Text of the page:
What is Psychoanalysis and Psychoanalytic Psychotherapy?

Psychoanalysis, psychoanalytic psychotherapy or psychodynamic therapy are unique forms of treatment that address emotional suffering. It is different from other psychotherapies in its focus, depth and method. While other therapies help solve specific problems, psychoanalysis and psychoanalytic or psychodynamic psychotherapy treat specific problems that are viewed in the context of the whole person. It assists in developing an awareness and reflective capacity to cope with the changing nature of the human experience. The quest for self knowledge, truth, understanding and acceptance are most important when changing attitudes and behavior.

People seek psychotherapy for all kinds of reasons. Sometimes they feel unhappy that life is not going as they had hoped for. Sometimes they might seek relief from a particular symptom or solve a specific problem produced by difficult circumstances. At other times they may want to make a change in breaking a pattern in thinking communicating and relating, feel less stuck, less depressed, less guilty and more hopeful.  Treatment can be short term or long term.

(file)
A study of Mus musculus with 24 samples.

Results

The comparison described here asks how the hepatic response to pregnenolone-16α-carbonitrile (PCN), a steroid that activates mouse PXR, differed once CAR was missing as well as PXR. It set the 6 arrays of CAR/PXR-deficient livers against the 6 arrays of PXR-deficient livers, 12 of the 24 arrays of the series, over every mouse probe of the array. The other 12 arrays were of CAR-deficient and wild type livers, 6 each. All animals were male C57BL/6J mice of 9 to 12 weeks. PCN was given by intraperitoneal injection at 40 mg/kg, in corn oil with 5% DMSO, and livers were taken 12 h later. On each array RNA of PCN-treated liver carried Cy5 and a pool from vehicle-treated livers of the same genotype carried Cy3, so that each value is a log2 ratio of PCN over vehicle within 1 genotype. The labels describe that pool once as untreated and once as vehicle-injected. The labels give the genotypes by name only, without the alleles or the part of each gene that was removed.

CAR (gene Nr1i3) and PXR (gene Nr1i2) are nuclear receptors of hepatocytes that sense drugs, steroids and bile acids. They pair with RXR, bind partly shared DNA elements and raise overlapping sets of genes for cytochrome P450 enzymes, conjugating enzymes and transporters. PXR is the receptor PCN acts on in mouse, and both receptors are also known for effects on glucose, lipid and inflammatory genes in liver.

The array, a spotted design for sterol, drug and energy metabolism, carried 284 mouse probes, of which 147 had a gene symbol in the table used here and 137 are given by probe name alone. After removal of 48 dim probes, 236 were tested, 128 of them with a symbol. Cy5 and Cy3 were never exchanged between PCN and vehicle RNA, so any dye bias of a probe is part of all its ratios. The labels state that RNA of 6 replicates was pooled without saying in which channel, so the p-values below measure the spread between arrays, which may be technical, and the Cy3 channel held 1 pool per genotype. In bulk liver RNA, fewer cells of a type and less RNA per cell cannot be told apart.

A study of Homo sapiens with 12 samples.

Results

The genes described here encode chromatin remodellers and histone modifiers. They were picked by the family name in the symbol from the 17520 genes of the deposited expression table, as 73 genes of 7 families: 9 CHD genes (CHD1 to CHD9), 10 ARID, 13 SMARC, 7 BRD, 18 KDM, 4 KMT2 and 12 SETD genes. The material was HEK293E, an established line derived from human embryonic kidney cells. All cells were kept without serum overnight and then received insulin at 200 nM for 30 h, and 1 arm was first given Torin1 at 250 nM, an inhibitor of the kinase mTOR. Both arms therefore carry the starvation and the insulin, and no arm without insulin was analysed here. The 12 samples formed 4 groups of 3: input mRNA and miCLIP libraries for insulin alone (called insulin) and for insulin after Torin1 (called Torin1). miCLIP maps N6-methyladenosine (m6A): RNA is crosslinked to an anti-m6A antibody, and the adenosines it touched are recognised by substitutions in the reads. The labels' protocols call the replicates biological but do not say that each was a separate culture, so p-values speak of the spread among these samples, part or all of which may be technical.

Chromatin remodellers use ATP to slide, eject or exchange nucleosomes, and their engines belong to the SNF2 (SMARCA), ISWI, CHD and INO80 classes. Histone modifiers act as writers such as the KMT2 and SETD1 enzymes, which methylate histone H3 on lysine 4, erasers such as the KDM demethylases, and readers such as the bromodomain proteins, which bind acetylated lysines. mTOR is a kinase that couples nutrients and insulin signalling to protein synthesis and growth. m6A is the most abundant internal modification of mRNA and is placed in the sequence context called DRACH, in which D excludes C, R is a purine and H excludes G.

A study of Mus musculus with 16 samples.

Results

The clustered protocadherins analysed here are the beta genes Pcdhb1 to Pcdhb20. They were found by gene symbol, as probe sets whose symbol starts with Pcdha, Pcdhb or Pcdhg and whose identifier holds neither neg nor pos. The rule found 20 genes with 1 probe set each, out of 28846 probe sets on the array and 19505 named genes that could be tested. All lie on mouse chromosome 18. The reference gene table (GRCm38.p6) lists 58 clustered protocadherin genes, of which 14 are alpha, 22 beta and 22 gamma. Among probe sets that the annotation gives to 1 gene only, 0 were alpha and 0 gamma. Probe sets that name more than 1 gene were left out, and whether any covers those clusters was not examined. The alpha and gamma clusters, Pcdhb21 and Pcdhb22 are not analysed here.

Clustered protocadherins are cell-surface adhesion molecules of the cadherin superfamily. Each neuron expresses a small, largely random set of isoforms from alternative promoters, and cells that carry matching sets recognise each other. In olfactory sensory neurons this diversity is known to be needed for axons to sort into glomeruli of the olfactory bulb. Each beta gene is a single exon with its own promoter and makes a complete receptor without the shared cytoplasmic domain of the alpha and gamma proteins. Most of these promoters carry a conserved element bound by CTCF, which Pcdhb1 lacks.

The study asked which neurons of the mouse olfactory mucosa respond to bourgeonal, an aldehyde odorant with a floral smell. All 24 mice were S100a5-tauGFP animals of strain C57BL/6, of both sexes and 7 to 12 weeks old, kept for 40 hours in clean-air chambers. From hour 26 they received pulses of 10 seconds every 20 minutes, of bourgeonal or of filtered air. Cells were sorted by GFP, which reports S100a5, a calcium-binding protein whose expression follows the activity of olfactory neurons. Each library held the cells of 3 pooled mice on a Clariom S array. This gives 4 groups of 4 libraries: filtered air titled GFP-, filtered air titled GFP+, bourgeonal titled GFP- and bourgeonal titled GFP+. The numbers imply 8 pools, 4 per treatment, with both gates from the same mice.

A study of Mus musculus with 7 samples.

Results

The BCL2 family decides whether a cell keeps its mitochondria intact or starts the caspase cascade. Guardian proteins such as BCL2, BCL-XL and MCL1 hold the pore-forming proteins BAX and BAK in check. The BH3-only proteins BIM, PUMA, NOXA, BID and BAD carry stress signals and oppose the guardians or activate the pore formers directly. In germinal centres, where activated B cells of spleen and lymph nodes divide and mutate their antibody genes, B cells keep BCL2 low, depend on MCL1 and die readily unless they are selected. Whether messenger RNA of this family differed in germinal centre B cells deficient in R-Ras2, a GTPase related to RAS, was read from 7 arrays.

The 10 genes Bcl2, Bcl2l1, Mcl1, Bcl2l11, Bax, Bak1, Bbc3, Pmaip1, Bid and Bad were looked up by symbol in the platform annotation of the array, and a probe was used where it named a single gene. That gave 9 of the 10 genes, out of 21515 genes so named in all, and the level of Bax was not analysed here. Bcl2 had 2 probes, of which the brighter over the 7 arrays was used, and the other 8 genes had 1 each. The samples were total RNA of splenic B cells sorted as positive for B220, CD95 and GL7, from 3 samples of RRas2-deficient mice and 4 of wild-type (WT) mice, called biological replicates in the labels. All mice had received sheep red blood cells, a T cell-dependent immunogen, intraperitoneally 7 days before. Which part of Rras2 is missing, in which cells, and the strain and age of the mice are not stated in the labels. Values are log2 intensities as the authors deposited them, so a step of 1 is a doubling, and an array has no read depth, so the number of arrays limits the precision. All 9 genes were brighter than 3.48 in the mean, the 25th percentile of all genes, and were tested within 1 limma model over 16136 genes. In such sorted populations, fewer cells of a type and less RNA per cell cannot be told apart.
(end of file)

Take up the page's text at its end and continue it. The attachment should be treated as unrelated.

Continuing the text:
When someone comes to psychotherapy he or she is in some sort of emotional pain and conflict. Initially the goal is to bring about relief from the uncomfortable feelings, frustration, depression, anxiety, confusion or even physical pain. As the treatment unfolds and you understand yourself better, you will experience more freedom to live life as one wishes, with more pleasure and creativity.

Psychoanalysis and Psychoanalytic Psychotherapy is the process by which underlying causes for our unhappiness, anxiety, behavior, thoughts, feelings, conflicts become known to us. They differ in the frequency of sessions with the same goal of understanding one’s internal life, made up of thoughts, feelings, experiences and underlying causes unknown to most. When understood, options and possibilities for growth and development may occur.